June 10th, 2014 | by AARON MESH News | Posted In: City Hall, Transportation, Metro

City Commissioner Steve Novick Asks Metro to Slow Down on MAX Tunnel Under OHSU

     

Portland City Commissioner Steve Novick has for weeks been besieged by outrage over his plan to create a street fee changing Portland households up to $144 a year, as he tries to solve a road-paving backlog partly caused by big spending on capital projects.

Now he's warning regional government Metro to slow down on its biggest potential construction job: drilling a tunnel under Oregon Health & Sciences University to run a light-rail line to Tualatin.

Metro News first reported Monday that Novick and others asked a Metro committee to hold a discussion of the local costs of a new tunnel under OHSU and Hillsdale before including it in further studies.

Novick tells WW the cost of a tunnel could run as high as $2 billion—with local governments footing half the bill.

"We should have a community conversation about the tab," Novick tells WW. "The decision shouldn't be based simply on having the service without a discussion of paying the costs."

WW has previously reported that Novick asked to dedicate $650,000 in city funds to studying the environmental impacts of Southwest Corridor High Capacity Transit, a project led by Metro.

Mayor Charlie Hales has placed that money in his proposed city budget, even as he and Novick are trying to create a new fee to fund a $1.3 billion backlog of transportation projects. Both officials argue that even though the city doesn't have enough money to keep up with road paving, it should continue to invest in long-term capital projects.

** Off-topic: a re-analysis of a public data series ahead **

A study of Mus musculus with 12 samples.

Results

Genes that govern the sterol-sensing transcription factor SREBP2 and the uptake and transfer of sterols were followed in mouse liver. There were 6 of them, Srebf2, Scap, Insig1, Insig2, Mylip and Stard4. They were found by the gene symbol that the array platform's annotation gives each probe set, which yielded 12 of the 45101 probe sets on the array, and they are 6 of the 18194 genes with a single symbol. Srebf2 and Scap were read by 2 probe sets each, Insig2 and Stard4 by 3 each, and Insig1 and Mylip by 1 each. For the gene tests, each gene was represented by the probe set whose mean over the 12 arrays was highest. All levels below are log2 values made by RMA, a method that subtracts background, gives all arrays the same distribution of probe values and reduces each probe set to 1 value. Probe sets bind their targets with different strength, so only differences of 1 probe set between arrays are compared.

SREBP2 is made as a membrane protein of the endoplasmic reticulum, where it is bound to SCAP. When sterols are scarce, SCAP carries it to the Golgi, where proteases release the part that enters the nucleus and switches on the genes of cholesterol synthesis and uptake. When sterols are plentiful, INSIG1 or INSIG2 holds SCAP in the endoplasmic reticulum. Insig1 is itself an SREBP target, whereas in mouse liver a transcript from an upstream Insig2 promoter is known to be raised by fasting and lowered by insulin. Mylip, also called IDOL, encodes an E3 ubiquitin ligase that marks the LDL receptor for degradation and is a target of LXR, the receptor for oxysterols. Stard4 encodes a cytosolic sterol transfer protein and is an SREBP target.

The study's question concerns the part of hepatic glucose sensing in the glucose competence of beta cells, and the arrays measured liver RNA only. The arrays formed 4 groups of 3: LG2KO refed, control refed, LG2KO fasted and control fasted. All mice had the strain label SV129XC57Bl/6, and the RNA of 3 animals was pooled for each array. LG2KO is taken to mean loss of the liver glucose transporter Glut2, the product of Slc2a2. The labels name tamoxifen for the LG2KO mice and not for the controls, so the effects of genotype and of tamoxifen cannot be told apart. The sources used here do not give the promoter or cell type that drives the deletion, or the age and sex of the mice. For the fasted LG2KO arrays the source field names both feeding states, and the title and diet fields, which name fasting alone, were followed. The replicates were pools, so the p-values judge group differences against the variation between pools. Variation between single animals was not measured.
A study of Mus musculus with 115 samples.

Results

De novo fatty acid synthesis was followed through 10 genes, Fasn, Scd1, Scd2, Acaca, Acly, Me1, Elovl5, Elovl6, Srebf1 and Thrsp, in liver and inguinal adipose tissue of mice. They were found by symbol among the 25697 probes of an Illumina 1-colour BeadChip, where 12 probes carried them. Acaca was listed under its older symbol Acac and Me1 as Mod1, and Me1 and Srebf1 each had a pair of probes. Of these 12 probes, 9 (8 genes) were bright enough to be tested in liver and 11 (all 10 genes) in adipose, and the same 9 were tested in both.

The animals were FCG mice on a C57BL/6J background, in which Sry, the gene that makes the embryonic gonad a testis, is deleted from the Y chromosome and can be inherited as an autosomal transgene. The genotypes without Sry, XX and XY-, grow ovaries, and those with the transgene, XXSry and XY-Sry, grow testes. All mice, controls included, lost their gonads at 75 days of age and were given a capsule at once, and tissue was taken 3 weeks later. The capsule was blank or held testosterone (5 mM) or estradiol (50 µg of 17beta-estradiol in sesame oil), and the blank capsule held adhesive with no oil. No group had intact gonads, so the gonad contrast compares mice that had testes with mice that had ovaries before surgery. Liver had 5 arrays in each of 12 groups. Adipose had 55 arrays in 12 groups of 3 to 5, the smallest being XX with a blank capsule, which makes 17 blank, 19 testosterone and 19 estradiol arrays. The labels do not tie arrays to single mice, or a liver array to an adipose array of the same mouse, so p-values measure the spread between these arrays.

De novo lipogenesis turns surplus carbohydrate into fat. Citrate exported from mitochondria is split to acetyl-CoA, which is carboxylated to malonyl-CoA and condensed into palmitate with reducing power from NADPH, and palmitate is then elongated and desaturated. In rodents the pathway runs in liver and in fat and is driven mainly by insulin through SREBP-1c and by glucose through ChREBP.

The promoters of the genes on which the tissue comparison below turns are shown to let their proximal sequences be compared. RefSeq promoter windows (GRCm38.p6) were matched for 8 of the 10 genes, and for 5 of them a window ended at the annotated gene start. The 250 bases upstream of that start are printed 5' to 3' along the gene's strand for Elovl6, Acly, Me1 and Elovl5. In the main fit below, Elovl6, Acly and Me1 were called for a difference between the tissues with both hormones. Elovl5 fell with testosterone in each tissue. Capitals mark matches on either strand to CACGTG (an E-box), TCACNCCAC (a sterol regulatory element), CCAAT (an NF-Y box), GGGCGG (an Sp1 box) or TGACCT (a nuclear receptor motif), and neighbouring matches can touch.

The Southwest Corridor line to Tualatin may feature bus rapid transit—an increase in bus service and lanes along Southwest Barbur Boulevard—or light rail.

Construction costs—not including tunnels—could exceed $1.6 billion, according to Metro documents. 

Metro News reports that other residents and regional partners in the transit plan are pressing not just for a tunnel, but for a "long, deep tunnel" with at least four stops.

There was vocal support at Monday's meeting for a transit line in a tunnel.

"Hillsdale was made-to-order for the type of project you're talking about," said Rick Seifert, a Hillsdale resident. "We really are a transit center, so to link Hillsdale into your plans is essential. Please honor your own past planning by giving strong consideration to the route."

Floyd Smith, a board member of the Association of Oregon Rail Transit Advocates, was even more ambitious, saying a tunnel from PCC-Sylvania to downtown Portland should be studied.

"We believe that it needs to be studied, that it's proper, and will bring a storm of discontent if a long deep tunnel with stations at Hillsdale and the Barbur Transit Center, OHSU and PCC is not considered," he said.